Lindsey Swift's open letter to a white van driver who heckled her whilst she was out running (see: http://www.runnersworld.com/runners-stories/new-runner-harassed-on-first-road-run-keeps-training) has received a lot of media attention over the past week, and rightly so. Lindsey speaks out against an act which is completely disrespectful in any circumstance, not just towards a runner; but anyone choosing to put effort and time into something positive should be encouraged, not abused.
I absolutely hate it when people shout abuse at me when I am out running. Usually it is men in vans or young lads in cars trying to impress their friends, and the majority of the time it will be some direct or indirect reference to what I am wearing, which they can't seem to see is perfectly acceptable running attire. The worst example was when a man shouted I was a 'slut' from his van window, I presume simply for the fact I was wearing running shorts. It was not so much the comment that angered me, but the fact it was in front of many other pedestrians and young children, which made me feel embarrassed. I have also frequently been heckled just walking home from the gym, clearly wearing exercise clothing and carrying a bottle of water, which apparently is still not enough justification to some drivers.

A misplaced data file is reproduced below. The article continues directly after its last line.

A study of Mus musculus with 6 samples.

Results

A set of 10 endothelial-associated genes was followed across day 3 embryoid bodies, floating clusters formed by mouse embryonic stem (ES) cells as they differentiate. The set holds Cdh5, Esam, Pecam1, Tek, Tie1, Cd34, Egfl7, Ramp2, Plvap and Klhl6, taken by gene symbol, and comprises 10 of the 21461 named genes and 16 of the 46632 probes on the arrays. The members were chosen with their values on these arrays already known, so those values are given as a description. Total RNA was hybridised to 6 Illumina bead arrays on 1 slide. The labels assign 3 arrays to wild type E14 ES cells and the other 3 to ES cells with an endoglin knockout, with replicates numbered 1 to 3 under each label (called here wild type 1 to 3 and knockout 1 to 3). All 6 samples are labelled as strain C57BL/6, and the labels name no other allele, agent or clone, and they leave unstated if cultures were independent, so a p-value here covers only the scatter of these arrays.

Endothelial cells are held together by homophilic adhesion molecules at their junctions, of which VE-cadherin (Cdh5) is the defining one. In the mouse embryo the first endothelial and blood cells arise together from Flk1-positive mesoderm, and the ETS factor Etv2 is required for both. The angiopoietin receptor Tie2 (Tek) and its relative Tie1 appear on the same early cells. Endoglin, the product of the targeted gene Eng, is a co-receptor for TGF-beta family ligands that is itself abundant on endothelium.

Thankfully I do not take comments like this to heart - why should I feel like I can't wear running shorts? - but it does really anger me, and like Lindsey I fear how comments such as this could really discourage other runners.
On the flip side, I have had some lovely and amusing things said to me whilst I have been out running. Receiving my first 'Run Forest Run' shout from a random car driver really made me smile. Whilst on one particularly long marathon training run I remember an old woman, who could barely walk herself, stopping and asking if she could borrow a bit of my energy, which really gave me the impetus to carry on for however many miles loomed in front of me. These are examples of enouragement though, not abuse.
What I hope is that the publicity Lindsey's letter has received will help runner's who do receive abuse to be able to ignore it. I would also love it if her letter made people think twice before shouting something, and act more respectfully.